Slim 3 REST API - Part One - Composer Dependencies, Tools, and Bootstrapping

November 11, 2015

So, as I mentioned in my introduction post we’re going to create a slim 2 REST api from scratch. To do this you’re going to need a few things at your disposal. I’ve compiled a list:

  1. An IDE — doesn’t really matter which one just something to write code in.
  2. A local dev environment — I’m partial to Vagrant, but you choose.
  3. A REST client for testing endpoints — I’m using the REST client built into PHP Storm but if you google you’ll find any number of suitable options. (I’d also suggest postman)
  4. Access to a CLI environment — I’m working on a Mac so all these commands will be in *nix format but if you’re on a windows machine git bash is a suitable option.
  5. Composer — This can be a bit tricky if you’ve not yet worked with it. Luckily the docs are really well written. We’ll be using it to pull in and manage our dependencies.
  6. MySql Client — Maybe not totally necessary but will def help with viewing and manipulating data. (Sequel Pro, Heidi SQL et. al)

That’s really all you’ll need moving forward.

Composition as a Mission

I mentioned above that we’ll be using composer to pull in and manage our dependencies. Our first task is to create the directory for our api to live in and to setup a composer file to tell it all the things our application will depend on. If you haven’t worked with a dependency manager before think of it like an ingredients list. Our api will be running on the Slim micro framework — so that will be one of the dependencies/ingredients. We’ll use and ORM to interact with our database so that or will be another dependency/ingredient…and so on. So, in your development env (vagrant/wamp/mamp..) create an api directory.

Composer expects to see a file with our list of dependencies in order to fulfill it’s end of the bargain. So, getting this setup is as easy as creating a new file — composer.json. As you can tell by now the file is in json format. If you’re not familiar with json it’s an easy to read/write representation of data — it’s (sort of) the successor to the xml format from years past.  So now we have this big empty file just waiting to be filled with all the goodies we need to build our api. Let’s fill this sucker out:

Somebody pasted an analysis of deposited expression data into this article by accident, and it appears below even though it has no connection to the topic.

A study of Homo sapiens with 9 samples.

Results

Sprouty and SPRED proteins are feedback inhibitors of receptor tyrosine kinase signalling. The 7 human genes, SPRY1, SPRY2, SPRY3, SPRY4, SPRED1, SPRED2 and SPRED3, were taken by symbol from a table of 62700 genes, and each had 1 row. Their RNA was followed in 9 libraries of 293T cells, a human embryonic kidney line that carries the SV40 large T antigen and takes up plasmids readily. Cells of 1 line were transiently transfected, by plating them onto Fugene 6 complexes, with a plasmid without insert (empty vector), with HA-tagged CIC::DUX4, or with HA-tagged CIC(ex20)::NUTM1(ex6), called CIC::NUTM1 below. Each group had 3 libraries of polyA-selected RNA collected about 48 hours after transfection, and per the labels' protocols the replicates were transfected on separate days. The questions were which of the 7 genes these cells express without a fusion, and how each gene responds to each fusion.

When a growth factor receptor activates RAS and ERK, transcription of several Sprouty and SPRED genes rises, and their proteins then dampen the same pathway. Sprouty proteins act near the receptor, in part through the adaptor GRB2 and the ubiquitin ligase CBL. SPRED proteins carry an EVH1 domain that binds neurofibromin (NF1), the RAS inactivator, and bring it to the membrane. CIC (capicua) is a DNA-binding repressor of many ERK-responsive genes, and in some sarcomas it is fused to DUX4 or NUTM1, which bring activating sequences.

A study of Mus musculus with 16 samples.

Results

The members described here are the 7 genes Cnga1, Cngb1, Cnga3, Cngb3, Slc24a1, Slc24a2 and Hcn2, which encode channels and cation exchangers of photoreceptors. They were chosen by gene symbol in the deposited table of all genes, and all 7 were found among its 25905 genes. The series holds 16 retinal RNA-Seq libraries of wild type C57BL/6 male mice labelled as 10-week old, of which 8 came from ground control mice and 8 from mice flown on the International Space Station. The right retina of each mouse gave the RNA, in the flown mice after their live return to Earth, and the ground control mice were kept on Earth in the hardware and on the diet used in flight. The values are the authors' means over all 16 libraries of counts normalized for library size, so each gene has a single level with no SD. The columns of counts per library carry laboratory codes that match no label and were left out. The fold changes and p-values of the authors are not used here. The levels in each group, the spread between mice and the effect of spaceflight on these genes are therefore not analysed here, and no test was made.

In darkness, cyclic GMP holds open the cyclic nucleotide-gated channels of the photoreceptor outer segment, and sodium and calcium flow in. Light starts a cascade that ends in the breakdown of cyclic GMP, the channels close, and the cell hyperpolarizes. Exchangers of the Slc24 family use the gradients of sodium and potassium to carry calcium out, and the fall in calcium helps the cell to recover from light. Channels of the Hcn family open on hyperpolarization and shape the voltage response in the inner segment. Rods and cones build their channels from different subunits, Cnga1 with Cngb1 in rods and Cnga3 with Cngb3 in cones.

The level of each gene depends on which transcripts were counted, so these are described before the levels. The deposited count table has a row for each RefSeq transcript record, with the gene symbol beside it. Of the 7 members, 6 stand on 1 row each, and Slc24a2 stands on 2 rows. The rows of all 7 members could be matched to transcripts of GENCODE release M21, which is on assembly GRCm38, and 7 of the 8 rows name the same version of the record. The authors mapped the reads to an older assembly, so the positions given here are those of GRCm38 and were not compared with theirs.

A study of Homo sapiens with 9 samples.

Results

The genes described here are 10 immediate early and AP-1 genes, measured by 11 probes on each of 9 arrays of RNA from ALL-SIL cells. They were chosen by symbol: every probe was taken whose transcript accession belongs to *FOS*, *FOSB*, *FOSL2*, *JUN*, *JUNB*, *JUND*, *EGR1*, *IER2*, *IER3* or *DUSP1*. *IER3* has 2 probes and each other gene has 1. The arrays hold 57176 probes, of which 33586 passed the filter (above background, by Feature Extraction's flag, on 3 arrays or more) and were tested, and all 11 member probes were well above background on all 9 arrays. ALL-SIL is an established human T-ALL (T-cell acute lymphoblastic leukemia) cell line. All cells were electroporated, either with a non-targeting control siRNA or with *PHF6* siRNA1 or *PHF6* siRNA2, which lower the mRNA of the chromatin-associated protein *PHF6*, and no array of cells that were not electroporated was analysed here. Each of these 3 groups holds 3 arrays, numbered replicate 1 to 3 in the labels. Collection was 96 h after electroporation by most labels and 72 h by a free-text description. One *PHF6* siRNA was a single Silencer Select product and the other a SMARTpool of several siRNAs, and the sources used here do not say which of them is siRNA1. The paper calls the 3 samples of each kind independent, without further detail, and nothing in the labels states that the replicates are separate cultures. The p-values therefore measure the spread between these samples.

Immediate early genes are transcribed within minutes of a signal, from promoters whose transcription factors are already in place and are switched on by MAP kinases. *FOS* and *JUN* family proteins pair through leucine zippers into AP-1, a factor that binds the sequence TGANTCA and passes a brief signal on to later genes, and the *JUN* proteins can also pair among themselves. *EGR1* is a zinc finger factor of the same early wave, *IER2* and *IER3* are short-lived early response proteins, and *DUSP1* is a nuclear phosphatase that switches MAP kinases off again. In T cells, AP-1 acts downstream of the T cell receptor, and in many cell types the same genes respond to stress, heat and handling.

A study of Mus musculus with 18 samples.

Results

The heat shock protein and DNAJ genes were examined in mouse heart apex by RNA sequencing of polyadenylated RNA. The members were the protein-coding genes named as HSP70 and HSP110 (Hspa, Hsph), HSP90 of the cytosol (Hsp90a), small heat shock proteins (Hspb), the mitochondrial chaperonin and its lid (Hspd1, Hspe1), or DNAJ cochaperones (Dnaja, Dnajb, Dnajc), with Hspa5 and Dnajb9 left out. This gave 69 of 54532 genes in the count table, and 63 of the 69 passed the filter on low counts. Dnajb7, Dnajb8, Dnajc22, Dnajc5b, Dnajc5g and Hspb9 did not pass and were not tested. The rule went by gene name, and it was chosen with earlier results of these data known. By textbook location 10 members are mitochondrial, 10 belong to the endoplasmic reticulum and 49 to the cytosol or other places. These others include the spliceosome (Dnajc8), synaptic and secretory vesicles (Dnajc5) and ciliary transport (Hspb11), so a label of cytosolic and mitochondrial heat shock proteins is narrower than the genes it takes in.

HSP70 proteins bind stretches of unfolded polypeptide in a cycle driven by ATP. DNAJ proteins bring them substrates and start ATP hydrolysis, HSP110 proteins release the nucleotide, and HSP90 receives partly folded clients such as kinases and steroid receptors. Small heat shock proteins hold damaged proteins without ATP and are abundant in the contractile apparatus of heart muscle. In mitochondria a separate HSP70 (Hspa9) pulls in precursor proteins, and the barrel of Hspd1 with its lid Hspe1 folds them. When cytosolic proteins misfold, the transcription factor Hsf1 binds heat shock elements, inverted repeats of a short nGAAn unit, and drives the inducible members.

We’re just defining our dependencies by their package names and specifying which versions of each package we want. To find more packages and to learn more about composer dependencies you can go to Packagist. The two packages we’re pulling in are the Slim micro framework and our ORM (this will look familiar later if you’ve worked with Laravel). Once you have your file saved you can now head to your CLI (terminal/git bash) and run composer install. This will install our dependencies and anything our dependencies depend on (yeah I know that’s some inception type stuff). It will create a vendors directory with all of the packages source code along with a super helpful auto load file (we’ll deal with that in a second).

Starting Up

Now that we’ve got our dependencies defined and pulled in let’s just spend a couple minutes laying the groundwork for the rest of the application. To keep things nice and tidy let’s create and app directory. This is where our application code is going to live. After you’ve created that file go ahead and create a new file in app called start.php. This is where our composer auto load file comes into play. Unlike the olden wild west days of PHP development you no longer need to write your own auto loader, composer just politely does it for you. Requiring this file at the head of the application will allow us to access the namespaced packages within our vendors folder really easily.

Now that we have our auto loader included we should have access to the Slim. To create a new instance of Slim we do the following:

use Slim\Slim; require_once __DIR__.'/../vendor/autoload.php'; 
$app = new Slim(); $app->run();

So, you’ll see were including Slim via namespacing up at the top. We require our auto load file and then instantiate a new instance of slim with the variable $app. We can then invoke the run method from our $app variable and we’ve effectively bootstrapped our application.

Wrapping Up

There isn’t too much here to dig our teeth into technically but we’ve laid solid groundwork for what we’ll be doing moving forward with the api application. Moving forward we’ll expand do some configuration to connect to our database and expand the application structure to begin adding routes that will serve as endpoints for our api application.